MOSCOW — The Soviet media, describing "colossal work" going on to contain radiation at the devastated Chernobyl reactor in the Ukraine, reported that a nuclear catastrophe was averted last week when an underwater reservoir was drained with the help of volunteer divers who exposed themselves to heavy radiation.
The reports were published as one of the designers of the reactor said the facility must be sheathed for centuries in the concrete tomb now being built for it in order to neutralize its deadly radiation leaks completely.
Pravda, the official Communist Party daily newspaper, carried articles from the scene, 60 miles north of Kiev, describing the work that has so far averted further disaster and that must go on for months in order to decontaminate the plant area.
Full Meltdown Averted
Pravda quoted Yevgeny P. Velikhov, a physicist and vice president of the Academy of Sciences, as describing how a major threat of reactor meltdown was averted during the emergency procedures that followed the initial explosion and fire, which occurred early April 26. Many Western scientists believe that at least a partial meltdown did occur.
Velikhov said the damaged reactor, pressed down from above by thousands of tons of sand, lead and other fire-extinguishing materials, was in danger of plunging into an underwater reservoir, which would have released radioactive steam into the atmosphere.
"How would the red-hot core behave?" he asked rhetorically. "Will we manage to hold it suspended or will it go down into the earth? No one ever in the world ever found himself in such a situation before."
But the efforts of scientists and engineers proved successful, and the crisis passed on Sunday, he told Pravda.
Velikhov said water was pumped from the reservoir, a cooling zone was set up to absorb the reactor's heat and the process of encasing it in concrete was begun.
The newspaper Soviet Russia said Yevgeny Ignatenko, deputy director of the national nuclear energy agency, volunteered with four other specialists to dive into the tank with special scuba apparatus in an attempt to drain the water.
Dozens of Roentgens
They accomplished their mission, Ignatenko told the paper, although he received dozens of roentgens of radiation, a dose that is more than double the limit for a nuclear plant worker for an entire year.
"Nothing special about this," the paper quoted him as saying. "We have people here who have more (radiation) than that."
For the first time in two weeks, the Soviet government made no official announcement Tuesday regarding the progress of cleanup operations at Chernobyl.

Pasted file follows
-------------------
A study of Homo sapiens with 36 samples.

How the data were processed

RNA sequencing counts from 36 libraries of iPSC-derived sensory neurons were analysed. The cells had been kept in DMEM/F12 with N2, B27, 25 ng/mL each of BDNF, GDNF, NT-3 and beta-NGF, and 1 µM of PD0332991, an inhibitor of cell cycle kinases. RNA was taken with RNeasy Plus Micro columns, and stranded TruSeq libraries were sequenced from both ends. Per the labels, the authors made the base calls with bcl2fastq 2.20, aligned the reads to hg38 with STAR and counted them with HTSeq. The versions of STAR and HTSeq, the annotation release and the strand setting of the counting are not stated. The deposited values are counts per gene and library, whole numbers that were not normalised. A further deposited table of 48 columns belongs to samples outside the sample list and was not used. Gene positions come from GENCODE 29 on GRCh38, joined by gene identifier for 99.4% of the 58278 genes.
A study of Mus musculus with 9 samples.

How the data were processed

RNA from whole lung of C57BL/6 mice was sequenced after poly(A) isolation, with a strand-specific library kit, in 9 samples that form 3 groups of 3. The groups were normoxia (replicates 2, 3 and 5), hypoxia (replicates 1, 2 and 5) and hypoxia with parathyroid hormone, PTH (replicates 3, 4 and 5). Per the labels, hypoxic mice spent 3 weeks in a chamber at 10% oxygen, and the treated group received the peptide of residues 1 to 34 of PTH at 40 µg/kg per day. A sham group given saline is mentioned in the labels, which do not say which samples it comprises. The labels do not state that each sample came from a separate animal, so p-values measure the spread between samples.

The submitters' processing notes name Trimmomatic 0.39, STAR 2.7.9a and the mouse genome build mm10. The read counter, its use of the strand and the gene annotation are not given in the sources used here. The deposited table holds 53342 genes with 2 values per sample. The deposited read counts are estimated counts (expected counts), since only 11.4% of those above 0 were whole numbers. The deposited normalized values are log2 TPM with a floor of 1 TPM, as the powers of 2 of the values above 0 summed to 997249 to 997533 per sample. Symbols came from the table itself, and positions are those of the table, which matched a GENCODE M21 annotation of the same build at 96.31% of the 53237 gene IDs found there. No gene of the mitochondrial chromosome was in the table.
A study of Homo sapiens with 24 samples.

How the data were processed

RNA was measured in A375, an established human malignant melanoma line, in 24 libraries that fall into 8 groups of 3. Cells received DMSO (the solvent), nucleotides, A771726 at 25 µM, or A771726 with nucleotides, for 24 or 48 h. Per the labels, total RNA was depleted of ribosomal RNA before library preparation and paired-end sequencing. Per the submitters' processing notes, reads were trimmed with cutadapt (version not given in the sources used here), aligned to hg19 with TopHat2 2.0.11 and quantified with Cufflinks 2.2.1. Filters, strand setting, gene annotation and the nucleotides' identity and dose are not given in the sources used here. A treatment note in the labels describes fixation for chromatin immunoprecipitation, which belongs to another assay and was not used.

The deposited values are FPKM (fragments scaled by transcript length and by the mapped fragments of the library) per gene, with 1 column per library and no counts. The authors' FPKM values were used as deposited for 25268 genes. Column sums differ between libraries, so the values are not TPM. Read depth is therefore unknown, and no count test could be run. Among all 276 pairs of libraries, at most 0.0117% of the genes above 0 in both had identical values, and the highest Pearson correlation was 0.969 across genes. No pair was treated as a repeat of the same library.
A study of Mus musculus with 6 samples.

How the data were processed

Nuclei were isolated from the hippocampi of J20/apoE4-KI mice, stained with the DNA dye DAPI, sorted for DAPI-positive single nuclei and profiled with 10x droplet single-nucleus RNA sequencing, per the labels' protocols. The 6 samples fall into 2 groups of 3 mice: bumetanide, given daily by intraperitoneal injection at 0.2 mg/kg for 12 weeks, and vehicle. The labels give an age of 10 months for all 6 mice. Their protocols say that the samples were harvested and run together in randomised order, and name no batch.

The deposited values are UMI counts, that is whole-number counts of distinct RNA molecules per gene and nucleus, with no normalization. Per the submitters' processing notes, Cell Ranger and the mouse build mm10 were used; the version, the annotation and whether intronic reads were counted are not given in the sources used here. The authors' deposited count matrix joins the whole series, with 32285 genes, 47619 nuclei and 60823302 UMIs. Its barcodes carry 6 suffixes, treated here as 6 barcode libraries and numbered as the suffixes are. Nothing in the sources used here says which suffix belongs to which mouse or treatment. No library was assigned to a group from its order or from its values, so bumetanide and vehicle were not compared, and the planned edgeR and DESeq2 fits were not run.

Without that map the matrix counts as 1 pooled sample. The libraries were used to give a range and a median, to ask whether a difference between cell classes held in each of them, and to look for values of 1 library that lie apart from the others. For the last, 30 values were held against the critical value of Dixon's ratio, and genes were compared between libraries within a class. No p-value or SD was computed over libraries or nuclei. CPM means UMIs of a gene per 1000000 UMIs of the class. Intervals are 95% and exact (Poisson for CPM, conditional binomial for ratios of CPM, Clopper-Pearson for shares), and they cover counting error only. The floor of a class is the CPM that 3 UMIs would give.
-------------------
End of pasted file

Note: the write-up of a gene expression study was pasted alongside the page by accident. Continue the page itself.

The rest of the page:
The disaster, the worst nuclear accident in history, has claimed at least six lives and injured at least 200. The Soviet government reported on April 29 that two people were killed in the explosion and fire at the plant, and it said Monday that six people died from burns and radiation.
While this appeared to be a total of eight deaths, Ivan P. Yemelianov, deputy director of the state construction firm that designed the No. 4 reactor at Chernobyl, told West European reporters Tuesday that the death toll was only six. The confusion was attributed to the ambiguous wording of Monday's announcement by the Soviet Council of Ministers.
"The reactor has not yet been rendered harmless, and radioactive substances are still present at the station and in the (19-mile danger) zone," said Deputy Premier Ivan S. Silayev. "Work with them requires considerable caution and thoroughness."
Silayev said a special coating was applied to the roofs of buildings as well as the ground to prevent penetration by radioactive substances.
Plugging Possible Openings
At the same time, military helicopters bombarded the reactor with lead shot to plug any possible openings that could allow radiation to escape, Silayev was quoted as saying in Izvestia, the official government newspaper.
"As seen from the readings of instruments, the level of release (of radioactive material) is steadily lowering," Silayev told the newspaper.
Yemelianov told the West European reporters that it will be centuries before the reactor is considered free of radiation hazard. The other three reactors at Chernobyl will be started up again as soon as the area is decontaminated and work is completed on the thick concrete tomb that will sheathe the damaged reactor, he said.
Yemelianov said he still has faith in the Chernobyl design despite the accident. He said its safety systems were planned to cope with human error and still avoid radiation leakage.
Gorbachev Talk Due
After 17 days of silence on the disaster, Soviet leader Mikhail S. Gorbachev scheduled a speech for today without indicating his topic.
Diplomats speculated that the Kremlin chief would discuss Chernobyl for the first time since the accident raised radiation levels in most of Europe and triggered condemnations of Soviet secretiveness.
Gorbachev's plans were announced on Vremya, the main evening television news program, after Boris Y. Shcherbina, head of the government's Chernobyl investigation, held a briefing at which he told diplomats from 15 nations that leaks of radioactivity from the damaged reactor have almost stopped.
Meanwhile, American industrialist Armand Hammer flew into Moscow with a planeload of medical supplies to help in treatment of radiation victims. He said the Soviets were "coping well" with the aftereffects of the accident.
Hammer, who has dealt with the Soviets for many years, brought the medicine and equipment for the use of a team of three American specialists and an Israeli who are performing bone marrow transplants on radiation victims.